A Guide to Writing on Different Social Media Platforms

Mobile phone showing different social media networks

We know social media has impact – but don’t make the mistake of treating all the channels the same.

Creating the right content to maximise response needs a real understanding of the different platforms.

At Ridgemount, we have knowledge in delivering strategically targeted online content, which results in not only brand enhancement within the targeted audience, but can translate into invaluable sales leads… if the formula is right.

Brands should use social media to build not only a following, but share knowledge and insights on their industry, position themselves as thought leaders and create a personality, as well as promoting their latest products.

Don’t just think words – videos, gifs, infographics and images are important too and there is plenty of room for variety and creativity.

Most important, however, is to understand the differences between different social media platforms and who is most likely to be using each one. This understanding should inform your content, style and tone.

Using each social channel might have the same end goal, but they all do so in very different ways and content should always be created specifically for each channel.

There are many social channels but we will focus on those our clients use most prominently: Facebook, LinkedIn, Twitter, Instagram and more recently, Pinterest.

Facebook on mobile device next to laptop


Primarily a place of leisure – for sharing personal updates and news and views.  The majority of adults use the channel, so your B2B audience is there somewhere.  Using Facebook’s astonishingly accurate targeting it is possible to deliver your message to a very precise audience.

Technical as well as corporate information resonates well, but the tone must be casual and informal and always accompanied by an image or video for maximum impact.

Remember that boosted posts can be targeted to achieve specific results, whether that is website traffic, video views or lead generation.  Decide what your desired outcome is first, then create the post.

Your audience isn’t on Facebook to find work-related information, so your content must be super-relevant and very engaging to attract their attention.   Pay attention to the information Facebook gives on when your audience is using the platform and schedule your posts accordingly.

Always pay attention to comments on your posts and make sure you reply.  Public criticism can be neutralised with a well-informed response.


Could be described as the Facebook for professionals. LinkedIn is definitely a work channel, and content is professional and work related.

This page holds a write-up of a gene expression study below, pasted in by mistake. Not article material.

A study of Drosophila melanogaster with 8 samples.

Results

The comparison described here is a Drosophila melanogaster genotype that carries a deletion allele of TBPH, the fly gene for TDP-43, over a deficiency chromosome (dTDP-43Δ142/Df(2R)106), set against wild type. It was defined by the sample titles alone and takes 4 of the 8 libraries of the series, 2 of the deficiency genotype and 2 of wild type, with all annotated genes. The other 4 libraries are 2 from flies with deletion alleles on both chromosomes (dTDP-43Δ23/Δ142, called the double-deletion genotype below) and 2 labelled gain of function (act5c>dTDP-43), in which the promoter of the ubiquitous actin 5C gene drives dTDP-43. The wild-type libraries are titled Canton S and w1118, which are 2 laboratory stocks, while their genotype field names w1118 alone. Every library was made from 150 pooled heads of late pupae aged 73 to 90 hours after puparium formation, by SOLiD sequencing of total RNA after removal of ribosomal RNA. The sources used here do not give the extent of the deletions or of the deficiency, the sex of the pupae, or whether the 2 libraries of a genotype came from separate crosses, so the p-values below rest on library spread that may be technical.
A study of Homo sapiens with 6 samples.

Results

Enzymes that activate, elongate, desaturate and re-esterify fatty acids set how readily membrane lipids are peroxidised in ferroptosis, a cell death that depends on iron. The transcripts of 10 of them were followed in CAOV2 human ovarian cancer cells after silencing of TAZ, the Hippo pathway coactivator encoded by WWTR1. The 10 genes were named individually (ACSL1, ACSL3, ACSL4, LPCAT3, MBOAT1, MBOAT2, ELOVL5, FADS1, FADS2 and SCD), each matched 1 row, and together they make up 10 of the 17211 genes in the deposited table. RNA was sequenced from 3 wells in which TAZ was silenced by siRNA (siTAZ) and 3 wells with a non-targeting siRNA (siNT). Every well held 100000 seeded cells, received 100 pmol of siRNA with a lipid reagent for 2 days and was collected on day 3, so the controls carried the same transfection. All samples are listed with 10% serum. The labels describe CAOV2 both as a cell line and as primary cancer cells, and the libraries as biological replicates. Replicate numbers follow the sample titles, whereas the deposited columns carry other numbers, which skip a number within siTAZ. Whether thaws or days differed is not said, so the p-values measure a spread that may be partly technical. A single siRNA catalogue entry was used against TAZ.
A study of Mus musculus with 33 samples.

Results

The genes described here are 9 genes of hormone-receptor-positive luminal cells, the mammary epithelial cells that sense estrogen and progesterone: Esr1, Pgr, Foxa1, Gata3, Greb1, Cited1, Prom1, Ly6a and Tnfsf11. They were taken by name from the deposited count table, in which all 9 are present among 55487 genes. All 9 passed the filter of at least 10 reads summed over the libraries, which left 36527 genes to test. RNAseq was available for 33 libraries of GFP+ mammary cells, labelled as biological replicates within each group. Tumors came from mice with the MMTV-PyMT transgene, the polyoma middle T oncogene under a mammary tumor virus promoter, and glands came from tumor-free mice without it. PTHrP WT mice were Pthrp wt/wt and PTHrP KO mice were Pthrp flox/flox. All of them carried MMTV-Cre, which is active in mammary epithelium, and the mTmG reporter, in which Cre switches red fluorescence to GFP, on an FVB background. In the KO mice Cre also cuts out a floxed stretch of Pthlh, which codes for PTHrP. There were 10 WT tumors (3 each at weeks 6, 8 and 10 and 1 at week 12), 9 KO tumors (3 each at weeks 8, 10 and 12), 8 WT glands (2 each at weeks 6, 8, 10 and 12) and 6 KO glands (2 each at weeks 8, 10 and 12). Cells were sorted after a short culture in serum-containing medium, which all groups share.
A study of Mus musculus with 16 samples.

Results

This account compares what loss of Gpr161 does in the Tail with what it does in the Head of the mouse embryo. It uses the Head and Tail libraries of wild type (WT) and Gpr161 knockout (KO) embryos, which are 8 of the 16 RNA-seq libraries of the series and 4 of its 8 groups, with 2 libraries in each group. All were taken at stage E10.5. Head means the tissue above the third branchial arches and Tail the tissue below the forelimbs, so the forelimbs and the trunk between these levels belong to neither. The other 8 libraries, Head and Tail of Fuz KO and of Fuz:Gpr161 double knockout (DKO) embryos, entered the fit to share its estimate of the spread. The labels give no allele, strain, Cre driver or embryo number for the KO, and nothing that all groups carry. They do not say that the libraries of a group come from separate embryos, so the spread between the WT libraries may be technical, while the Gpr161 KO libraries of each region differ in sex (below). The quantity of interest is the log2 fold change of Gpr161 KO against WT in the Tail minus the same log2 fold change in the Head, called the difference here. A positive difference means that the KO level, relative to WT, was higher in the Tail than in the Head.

Once you get the subject matter right this is a platform where longer arguments work well.  Opinion and interpretation are as important as information and it can be a very good place to start a debate.

Use LinkedIn’s integrated blog platform to share longer pieces of copy within the channel as well as directing readers to your website.  Imagery and video content resonate well too, but remember that LinkedIn’s strength lies in the following of individuals, so do your best to make sure it’s your staff who are posting and sharing content.

Promoted content is effective on LinkedIn – and, of course, its targeting is amazing for B2B content as the platform identifies people by their job title as well as organisation.  Be prepared to pay much more per click than on other channels, but the audience can be hugely valuable.


Now this is when the fun part of content writing starts. Arguably, this platform has more room for creativity, even as you’re limited to only 280 characters.

A “Tweet” needs to not only be factual and straight to the point, but also catchy and very original. Tweets should be written with an informal and light tone while still including a clear call to action.

Use the functionality of Twitter to get more traction: live polls, pinned tweets and hashtags associated with specific events or news stories will all draw in the audience.

Best performing tweets also have a picture or a gif to accompany them; as they say, a picture is worth a thousand words….


The photo and video-sharing social networking service is popular among brands who have a strong focus on aesthetics and art-based projects or designs.

The focus should be on the photo or video rather than its caption, which should contain appropriate hashtags in order to gain more views and followers. Links cannot be shared on an Instagram post, therefore the smartest call to action in an Instagram’s caption is often “link in bio”.


This social channel is designed to enable saving and discovery of images, gifs and sometimes videos. Great for building an awareness of your products the channel also now offers promotional posts which can be very effective in driving web traffic.

Writing content for this platform is rather limited, as this social media channel is mainly focused on sharing images. One might aim attention on writing a brief description including hashtags and sharing a link.

These are just a few of the options available – more will be developing all the time. Don’t make the mistake of feeling compelled to use every channel: much better to focus attention on the one that is most likely to deliver the best results and work hard to create the right content for that audience.

You’ll know when it works – look out for our blog on measuring success.